Battle lines drawn in TS, in the wind in AP
While it was AAP’s Basanti Vs BJP’s Saffron in Punjab, in Telangana it is going to be Pink v/s Saffron.
While it was AAP's Basanti Vs BJP's Saffron in Punjab, in Telangana it is going to be Pink v/s Saffron. The warming up has begun. Leaders of both the parties are sharpening their vocabulary and gearing up for exhibiting their lung power. The top strategist of BJP, Amit Shah, is likely to visit Hyderabad next month to lay a road map to take on TRS. Here the lines are clearly drawn.
Next Assembly elections, whenever held, are going to be a straight fight between TRS and BJP. Congress has lost most of its ground and it is nearly impossible for it to recover the lost paradise. TRS this time certainly has an uphill task as there is growing anti-incumbency factor. Though Chief Minister K Chandrashekar Rao and other leaders claim that Telangana is a corruption-free state, ground realities indicate that corruption is on freely even in the flagship programme called Dalit Bandhu.
The neighbouring Telugu state Andhra Pradesh also has got into election mode though who vs who is still not clear. It may take some more time for a clear picture to emerge. YSRCP president Jagan Mohan Reddy has made it clear that about 50 per cent of the MLAs may have to be replaced as their performance is not up to the mark. He has given a wake-up call to all his MLAs and ministers and has asked them to go door-to-door and take up propaganda of the welfare schemes taken up by the state government in the last three years. He is also going in for a reshuffle of the state cabinet and hopes that these measures will help in overcoming the anti-incumbency factor.
On the other hand, Jana Sena leader Pavan Kalyan thundered during a public meeting held to mark the party's formation day celebrations where he hinted at the possibility of all anti-YSRCP forces joining hands to see that there is no split of votes. In Andhra Pradesh, the parties who matter as on date are YSRCP, Jana Sena and TDP. Though BJP is not a political force and has just 0.5% of vote share, it matters because it is in power at centre and would be working out the road map.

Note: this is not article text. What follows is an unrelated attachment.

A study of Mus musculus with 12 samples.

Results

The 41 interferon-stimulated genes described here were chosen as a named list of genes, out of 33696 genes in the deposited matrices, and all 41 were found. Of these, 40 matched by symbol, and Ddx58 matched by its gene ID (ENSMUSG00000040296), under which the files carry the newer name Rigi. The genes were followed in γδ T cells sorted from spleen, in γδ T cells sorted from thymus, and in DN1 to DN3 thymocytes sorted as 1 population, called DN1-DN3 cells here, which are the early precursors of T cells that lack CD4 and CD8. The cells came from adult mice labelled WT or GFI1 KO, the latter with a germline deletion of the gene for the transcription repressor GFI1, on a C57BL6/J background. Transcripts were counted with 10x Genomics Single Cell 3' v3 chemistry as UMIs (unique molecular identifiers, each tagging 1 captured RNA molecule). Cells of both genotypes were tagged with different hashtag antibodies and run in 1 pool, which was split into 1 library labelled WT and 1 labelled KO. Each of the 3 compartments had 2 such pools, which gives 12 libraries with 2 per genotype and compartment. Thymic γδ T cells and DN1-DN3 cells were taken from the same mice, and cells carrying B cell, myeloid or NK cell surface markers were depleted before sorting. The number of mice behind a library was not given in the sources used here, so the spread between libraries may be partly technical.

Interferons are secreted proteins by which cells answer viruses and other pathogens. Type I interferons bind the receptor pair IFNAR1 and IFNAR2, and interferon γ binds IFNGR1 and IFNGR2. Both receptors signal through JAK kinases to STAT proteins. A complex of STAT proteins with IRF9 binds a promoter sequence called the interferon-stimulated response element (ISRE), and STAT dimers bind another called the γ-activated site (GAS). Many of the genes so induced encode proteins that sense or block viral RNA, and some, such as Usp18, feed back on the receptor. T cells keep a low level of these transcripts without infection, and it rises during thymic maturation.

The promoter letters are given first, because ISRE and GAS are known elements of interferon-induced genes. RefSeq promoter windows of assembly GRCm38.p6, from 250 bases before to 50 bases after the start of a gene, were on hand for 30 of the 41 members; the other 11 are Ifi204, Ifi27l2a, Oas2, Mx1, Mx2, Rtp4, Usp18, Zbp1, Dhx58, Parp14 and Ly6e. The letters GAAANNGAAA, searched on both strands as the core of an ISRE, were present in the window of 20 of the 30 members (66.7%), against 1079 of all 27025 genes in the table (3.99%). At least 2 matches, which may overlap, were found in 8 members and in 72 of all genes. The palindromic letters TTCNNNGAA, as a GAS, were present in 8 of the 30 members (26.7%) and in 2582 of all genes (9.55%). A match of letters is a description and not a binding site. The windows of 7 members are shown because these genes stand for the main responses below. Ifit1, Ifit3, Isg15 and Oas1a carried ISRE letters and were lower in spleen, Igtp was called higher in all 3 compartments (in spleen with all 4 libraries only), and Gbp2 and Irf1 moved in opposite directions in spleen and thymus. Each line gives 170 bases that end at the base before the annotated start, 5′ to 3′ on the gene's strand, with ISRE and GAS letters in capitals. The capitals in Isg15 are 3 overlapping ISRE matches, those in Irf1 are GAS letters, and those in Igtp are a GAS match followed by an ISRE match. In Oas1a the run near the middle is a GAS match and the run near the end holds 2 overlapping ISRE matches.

Though there are other parties like Congress, left and BSP, Congress and left will not join the proposed alliance because they are anti-BJP. Congress may still have some negligible vote share but for all practical purposes it is nonexistent. Jana Sena and TDP are the only two parties which are working at ground level.
If Jana Sena, BJP TDP succeed in arriving at some understanding and fight the elections unitedly, it certainly can offer a tough fight to the ruling YSRCP. Even if one takes the caste aspect into consideration, apart from Reddys it is the Kamma and Kapu votes that matter most and in case if it is a straight fight between the YSRCP and the alliance, it would result in division of votes between the YSRCP and the anti-YSRCP group.
Despite the ruling party claiming to have implemented different programmes for the welfare of people, including direct cash benefit schemes, at the ground level, the fact is that there is an anti-incumbency factor. How the anti-YSRCP parties will be able to convert this into their advantage and how people will react only time will tell. Andhra voters are known to be silent voters.